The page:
Cars and the Cove

For this project, we had to create zines (specifically referring to short, nonfictional magazines, about 2 – 4 pages long). These zines would have photographs and tell the story of a specific part of Canadian culture and society after WW II.

Before we created our zines, we had to write multi paragraph compositions about the topics we chose. For me, choosing a topic came with relative ease as I have great interest in city planning and the social as well as the technological consequences of the decisions our city planners made decades ago when they decided to create cities centred around cars rather than pedestrians, cyclists, or public transit.

For my zine, I wrote about both the local adoption of the automobile and the national widespread social change created by its extensive adoption and use. Due to the fundamentally far reaching causes and consequences of such a radical socio-technological change, I wrote more than I should have, with my multi paragraph composition ending up with just short of 2,000 words. Although I wrote more than the adequate amount in respect to the four pages which my zine would use, I still feel like my writing did not create a full and comprehensive picture of the sheer amount of technological and social change this societal shift towards the car created.


One aspect to the adoption of the car that I forgot to mention was the vicissitude of the worldviews in many North American, particularly Canadian, suburbs as opposed to their urban counterparts. In the 1940’s, Canada didn’t have many historical inner cities which people wanted to preserve. The prevalent public opinion was largely optimistic and auspicious towards the then futuristic and modern cars. With this, richer, usually white families moved to the new suburbs while those who could not afford to live in the suburbs or own cars stayed in the city. With the new suburbs, it became much easier for people to become physically and mentally isolated, as the suburbs are built around cars and usually do not encourage necessary activities such as walking due to their sporadic nature. With this, the suburbanites would usually know smaller groups of people and therefore have a smaller circle of direct influence on their lives.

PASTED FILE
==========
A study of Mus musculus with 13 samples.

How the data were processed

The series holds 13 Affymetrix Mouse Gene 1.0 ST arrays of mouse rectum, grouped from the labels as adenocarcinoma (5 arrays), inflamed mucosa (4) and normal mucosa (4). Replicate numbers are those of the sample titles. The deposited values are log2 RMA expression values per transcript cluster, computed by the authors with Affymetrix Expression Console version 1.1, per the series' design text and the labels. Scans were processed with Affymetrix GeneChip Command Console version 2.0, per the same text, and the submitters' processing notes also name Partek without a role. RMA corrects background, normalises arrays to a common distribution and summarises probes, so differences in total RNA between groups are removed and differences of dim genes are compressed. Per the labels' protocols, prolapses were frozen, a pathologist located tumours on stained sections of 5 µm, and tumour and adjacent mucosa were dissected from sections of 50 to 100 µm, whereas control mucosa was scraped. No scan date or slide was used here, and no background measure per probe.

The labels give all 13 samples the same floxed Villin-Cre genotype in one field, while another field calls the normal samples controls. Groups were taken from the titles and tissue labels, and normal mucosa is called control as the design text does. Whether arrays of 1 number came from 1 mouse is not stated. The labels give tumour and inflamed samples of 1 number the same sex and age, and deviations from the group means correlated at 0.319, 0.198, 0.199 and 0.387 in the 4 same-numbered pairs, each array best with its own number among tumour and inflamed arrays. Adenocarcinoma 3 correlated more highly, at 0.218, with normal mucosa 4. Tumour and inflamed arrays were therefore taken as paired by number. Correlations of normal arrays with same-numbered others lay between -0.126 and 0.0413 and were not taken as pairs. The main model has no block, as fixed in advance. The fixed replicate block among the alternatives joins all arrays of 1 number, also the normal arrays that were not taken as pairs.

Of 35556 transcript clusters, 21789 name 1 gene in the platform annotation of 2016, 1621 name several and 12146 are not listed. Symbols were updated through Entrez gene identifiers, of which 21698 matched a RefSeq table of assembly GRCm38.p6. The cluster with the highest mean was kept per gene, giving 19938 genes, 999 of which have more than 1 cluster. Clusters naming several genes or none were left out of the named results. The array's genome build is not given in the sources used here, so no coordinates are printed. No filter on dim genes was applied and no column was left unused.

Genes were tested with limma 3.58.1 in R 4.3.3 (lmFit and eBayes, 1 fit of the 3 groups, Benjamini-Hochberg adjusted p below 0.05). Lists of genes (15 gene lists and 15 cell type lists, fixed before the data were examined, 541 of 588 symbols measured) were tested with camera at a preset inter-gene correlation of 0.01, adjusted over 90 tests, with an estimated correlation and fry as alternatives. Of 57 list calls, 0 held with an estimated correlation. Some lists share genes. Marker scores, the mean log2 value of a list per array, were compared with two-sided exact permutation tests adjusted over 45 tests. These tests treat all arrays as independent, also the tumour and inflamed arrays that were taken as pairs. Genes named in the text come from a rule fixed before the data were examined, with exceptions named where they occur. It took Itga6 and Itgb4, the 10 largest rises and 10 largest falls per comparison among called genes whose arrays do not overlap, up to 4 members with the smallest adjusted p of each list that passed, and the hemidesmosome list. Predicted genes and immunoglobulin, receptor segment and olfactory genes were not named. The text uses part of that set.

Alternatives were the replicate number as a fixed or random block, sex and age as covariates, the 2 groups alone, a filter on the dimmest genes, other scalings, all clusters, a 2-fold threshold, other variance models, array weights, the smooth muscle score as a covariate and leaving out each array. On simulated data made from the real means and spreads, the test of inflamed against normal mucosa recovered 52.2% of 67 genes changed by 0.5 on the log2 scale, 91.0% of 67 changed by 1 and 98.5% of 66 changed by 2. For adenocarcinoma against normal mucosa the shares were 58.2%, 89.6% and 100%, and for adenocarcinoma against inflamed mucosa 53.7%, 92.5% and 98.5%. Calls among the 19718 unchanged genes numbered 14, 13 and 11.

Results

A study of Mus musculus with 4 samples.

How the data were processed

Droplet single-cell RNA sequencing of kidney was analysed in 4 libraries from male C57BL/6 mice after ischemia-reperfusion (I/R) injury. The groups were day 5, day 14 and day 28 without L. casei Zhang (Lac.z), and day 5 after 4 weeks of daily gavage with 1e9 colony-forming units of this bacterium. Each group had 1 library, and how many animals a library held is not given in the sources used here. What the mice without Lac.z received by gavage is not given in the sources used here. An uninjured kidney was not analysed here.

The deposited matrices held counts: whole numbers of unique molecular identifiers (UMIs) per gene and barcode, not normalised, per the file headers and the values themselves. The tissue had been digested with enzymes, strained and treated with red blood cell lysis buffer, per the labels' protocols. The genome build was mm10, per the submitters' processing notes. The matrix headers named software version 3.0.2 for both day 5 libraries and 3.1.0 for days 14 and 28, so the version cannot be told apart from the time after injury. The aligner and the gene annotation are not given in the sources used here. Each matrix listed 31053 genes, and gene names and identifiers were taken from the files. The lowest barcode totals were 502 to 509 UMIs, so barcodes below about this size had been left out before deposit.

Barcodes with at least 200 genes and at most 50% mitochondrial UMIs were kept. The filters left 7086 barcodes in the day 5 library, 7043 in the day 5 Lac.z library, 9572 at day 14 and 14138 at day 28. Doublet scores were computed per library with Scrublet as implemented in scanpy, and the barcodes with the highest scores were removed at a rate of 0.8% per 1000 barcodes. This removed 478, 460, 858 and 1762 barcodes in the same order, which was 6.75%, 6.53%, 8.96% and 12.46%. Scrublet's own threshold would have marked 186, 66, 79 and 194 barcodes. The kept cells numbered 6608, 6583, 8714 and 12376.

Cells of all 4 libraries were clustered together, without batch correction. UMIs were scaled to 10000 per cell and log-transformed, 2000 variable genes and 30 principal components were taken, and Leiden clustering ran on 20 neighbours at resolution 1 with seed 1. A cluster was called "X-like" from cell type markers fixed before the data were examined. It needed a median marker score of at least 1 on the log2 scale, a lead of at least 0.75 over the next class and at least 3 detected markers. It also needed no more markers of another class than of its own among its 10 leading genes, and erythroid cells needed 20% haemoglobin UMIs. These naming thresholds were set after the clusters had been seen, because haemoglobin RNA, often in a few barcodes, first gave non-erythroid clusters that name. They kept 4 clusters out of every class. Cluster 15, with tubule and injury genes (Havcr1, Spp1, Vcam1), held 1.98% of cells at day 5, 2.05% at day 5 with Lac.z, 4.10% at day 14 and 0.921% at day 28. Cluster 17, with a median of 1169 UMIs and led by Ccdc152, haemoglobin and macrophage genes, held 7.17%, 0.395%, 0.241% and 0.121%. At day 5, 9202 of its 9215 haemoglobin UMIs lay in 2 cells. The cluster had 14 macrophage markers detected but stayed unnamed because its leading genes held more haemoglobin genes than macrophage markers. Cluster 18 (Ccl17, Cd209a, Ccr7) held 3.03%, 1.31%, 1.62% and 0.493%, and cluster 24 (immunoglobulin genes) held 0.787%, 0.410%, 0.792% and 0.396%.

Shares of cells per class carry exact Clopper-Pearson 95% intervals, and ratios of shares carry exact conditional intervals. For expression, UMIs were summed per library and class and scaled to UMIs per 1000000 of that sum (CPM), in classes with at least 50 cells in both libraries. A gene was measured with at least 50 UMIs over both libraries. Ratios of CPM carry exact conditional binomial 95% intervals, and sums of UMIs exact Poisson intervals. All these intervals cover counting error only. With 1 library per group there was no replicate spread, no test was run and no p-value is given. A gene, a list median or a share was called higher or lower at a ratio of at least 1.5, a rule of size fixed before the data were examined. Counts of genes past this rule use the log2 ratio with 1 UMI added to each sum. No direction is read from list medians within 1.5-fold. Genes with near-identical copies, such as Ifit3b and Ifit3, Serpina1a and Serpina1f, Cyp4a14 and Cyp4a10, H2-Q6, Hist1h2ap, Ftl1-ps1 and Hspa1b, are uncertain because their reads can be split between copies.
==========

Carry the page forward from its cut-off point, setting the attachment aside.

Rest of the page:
With the amount of research I did and the amount of information to be had, I find that learning more about this topic will likely improve my future projects too. For now, I will focus on my current school projects. I think that during the summer, I will go into more detail with my studies of this topic. I found the freedom we had with this project to greatly benefit my interest in this project and increase the amount of research I was willing to do before fully delving into the writing.
The thing that I learned the most from this project that wasn’t related to the product was probably a bit more time management because with doing so much research, I hurried the rest of the process and ended up not creating as good a product as I would’ve hoped. Next time, I will set myself a more clear schedule in order to create a more refined product.
Thank you for reading, see you next time.